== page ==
Do you know the difference between a will and an estate plan? Did you know that more than 50% of Americans do not have an estate plan or will in place?
Many people wonder if they need estate planning if they are young or do not own much.
Read on as we answer that question and look at the differences.
What Is a Will?
A will is a legal document that outlines your wishes regarding the distribution of property when you die.
A will can also include instructions regarding the care of children that are minors.
If you have a family or assets of any kind (a house, car, investments, furniture), you should make a will.
What Is an Estate Plan?
An estate is something everyone has. It is not just for the wealthy.
An estate is everything you own: real estate, the funds in your accounts, life insurance policies, personal possessions like family albums and fine china.
Rich or poor, when you die, you cannot take your estate with you. If you have a will, it outlines who inherits your estate when you die.
But An estate plan goes much further than a will. The foundation of an estate plan has three parts: a will, an Enduring or Durable Power of Attorney, and a Personal Directive.
Enduring or Durable Power of Attorney
An enduring or durable power of attorney protects the management of your affairs. This document gives someone you appoint the ability to control your finances if you become mentally incapable of doing so.
But, if you do not have an Enduring or Durable Power of Attorney, your family cannot manage your affairs.
A Personal Directive is sometimes called a living will. It allows a person you appoint to make decisions about your health care and personal needs if you cannot make those decisions yourself.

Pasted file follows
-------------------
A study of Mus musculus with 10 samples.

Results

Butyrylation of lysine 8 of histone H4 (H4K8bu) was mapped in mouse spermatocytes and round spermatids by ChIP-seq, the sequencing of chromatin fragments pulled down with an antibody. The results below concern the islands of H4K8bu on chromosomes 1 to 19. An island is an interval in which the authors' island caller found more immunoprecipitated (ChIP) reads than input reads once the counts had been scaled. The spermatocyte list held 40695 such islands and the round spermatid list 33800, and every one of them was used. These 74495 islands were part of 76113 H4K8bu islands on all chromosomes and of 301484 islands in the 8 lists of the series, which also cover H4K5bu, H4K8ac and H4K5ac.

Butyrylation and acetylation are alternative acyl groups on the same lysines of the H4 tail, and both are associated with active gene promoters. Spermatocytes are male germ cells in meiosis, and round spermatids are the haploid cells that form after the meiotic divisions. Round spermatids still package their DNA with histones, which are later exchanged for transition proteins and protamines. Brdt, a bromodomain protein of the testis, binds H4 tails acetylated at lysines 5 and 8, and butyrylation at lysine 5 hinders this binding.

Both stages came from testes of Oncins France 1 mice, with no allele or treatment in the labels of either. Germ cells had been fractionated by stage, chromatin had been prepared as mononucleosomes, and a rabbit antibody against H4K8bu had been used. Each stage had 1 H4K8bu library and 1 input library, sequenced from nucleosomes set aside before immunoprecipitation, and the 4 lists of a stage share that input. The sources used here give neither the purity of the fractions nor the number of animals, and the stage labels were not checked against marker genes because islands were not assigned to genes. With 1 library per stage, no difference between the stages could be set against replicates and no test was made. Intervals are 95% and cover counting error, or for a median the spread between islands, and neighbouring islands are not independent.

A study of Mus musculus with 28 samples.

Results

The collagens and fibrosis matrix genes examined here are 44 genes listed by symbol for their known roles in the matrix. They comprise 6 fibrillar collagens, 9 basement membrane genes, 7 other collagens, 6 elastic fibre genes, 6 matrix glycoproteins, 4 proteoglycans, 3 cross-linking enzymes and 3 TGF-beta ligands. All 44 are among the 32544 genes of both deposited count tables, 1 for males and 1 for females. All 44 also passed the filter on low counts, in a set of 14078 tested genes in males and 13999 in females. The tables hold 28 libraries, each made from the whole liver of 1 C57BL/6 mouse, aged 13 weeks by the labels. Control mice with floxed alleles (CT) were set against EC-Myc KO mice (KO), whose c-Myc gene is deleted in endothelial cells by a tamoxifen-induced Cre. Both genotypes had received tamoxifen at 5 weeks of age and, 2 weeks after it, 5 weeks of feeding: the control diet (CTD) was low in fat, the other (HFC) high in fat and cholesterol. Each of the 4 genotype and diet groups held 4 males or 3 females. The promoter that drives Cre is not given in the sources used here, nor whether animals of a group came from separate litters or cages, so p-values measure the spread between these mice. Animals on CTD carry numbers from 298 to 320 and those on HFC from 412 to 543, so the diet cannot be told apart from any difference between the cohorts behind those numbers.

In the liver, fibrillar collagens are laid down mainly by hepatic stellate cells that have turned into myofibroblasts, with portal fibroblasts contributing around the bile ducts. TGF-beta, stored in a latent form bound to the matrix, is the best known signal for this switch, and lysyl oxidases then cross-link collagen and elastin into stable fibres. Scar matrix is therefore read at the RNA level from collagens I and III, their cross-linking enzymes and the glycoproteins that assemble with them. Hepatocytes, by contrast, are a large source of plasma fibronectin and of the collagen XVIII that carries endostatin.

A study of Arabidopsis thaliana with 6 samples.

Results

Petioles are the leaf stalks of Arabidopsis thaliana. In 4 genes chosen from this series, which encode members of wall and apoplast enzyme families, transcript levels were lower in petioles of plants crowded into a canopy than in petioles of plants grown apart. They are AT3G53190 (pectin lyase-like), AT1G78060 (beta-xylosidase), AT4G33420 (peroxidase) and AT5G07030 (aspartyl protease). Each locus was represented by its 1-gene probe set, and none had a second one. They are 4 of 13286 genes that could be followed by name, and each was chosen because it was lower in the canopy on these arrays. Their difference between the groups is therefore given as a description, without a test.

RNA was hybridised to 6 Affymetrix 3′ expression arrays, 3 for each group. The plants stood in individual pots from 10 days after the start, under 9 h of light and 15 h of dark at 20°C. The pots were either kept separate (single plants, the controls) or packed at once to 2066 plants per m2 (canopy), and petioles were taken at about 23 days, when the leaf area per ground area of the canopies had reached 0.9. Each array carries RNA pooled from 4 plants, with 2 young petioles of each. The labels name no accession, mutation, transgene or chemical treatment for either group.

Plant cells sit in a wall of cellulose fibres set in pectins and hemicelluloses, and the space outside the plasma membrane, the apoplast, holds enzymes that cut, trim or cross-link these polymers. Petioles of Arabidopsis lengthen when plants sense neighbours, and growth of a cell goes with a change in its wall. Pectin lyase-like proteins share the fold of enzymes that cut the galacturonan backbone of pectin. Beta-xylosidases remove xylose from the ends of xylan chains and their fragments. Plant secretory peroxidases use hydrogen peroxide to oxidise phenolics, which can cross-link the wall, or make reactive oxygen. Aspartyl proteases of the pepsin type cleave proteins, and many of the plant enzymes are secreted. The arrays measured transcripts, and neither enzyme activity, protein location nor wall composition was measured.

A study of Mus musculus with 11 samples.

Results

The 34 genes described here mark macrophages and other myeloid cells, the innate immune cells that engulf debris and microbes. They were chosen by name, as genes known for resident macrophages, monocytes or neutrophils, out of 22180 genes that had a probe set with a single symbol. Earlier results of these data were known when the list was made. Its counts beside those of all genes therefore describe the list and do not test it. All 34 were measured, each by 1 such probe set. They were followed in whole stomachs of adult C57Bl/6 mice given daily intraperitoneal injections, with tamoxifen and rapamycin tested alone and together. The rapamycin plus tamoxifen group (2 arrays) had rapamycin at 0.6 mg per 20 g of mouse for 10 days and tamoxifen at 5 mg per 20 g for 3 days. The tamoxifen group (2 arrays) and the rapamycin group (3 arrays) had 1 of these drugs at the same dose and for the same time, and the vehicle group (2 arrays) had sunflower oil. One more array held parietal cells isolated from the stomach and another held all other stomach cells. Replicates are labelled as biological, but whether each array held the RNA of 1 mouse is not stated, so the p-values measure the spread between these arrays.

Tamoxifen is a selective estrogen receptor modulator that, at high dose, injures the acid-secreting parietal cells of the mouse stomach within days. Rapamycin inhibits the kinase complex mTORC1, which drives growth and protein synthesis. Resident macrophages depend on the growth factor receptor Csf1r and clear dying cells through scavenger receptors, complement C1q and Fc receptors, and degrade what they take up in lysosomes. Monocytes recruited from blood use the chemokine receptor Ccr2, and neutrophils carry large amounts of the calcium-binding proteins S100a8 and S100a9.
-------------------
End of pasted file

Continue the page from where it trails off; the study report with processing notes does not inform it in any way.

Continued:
Without this document, your loved ones have no say about where you live, how you live or even about end of life care.
Minimize Your Income Taxes at Death
A lot of people wonder if they need an estate plan if their estate is modest. The fact is that those the people that need an estate plan more than anyone.
When you die, the government looks at all your assets and calculates taxes on your estate. This can be a hefty bill for your surviving family members to have to bear.
But, having an estate plan allows you to transfer ownership of your property. This reduces the taxes your loved one will have to pay.
Having an estate plan helps your family keep more of your modest estate than they would otherwise.
Estate Planning vs. Will
As you can see, you do not need to choose between estate planning vs a will. Both are essential pieces in giving you peace of mind.
With proper estate planning, you can rest assured that your property and your care will be handled just as you wish.
It’s important to understand that estate planning is not a one-time document you sign and never look at again.
Your estate plan needs to be reviewed any time your family or financial situation changes.
Contact us today to schedule a consultation.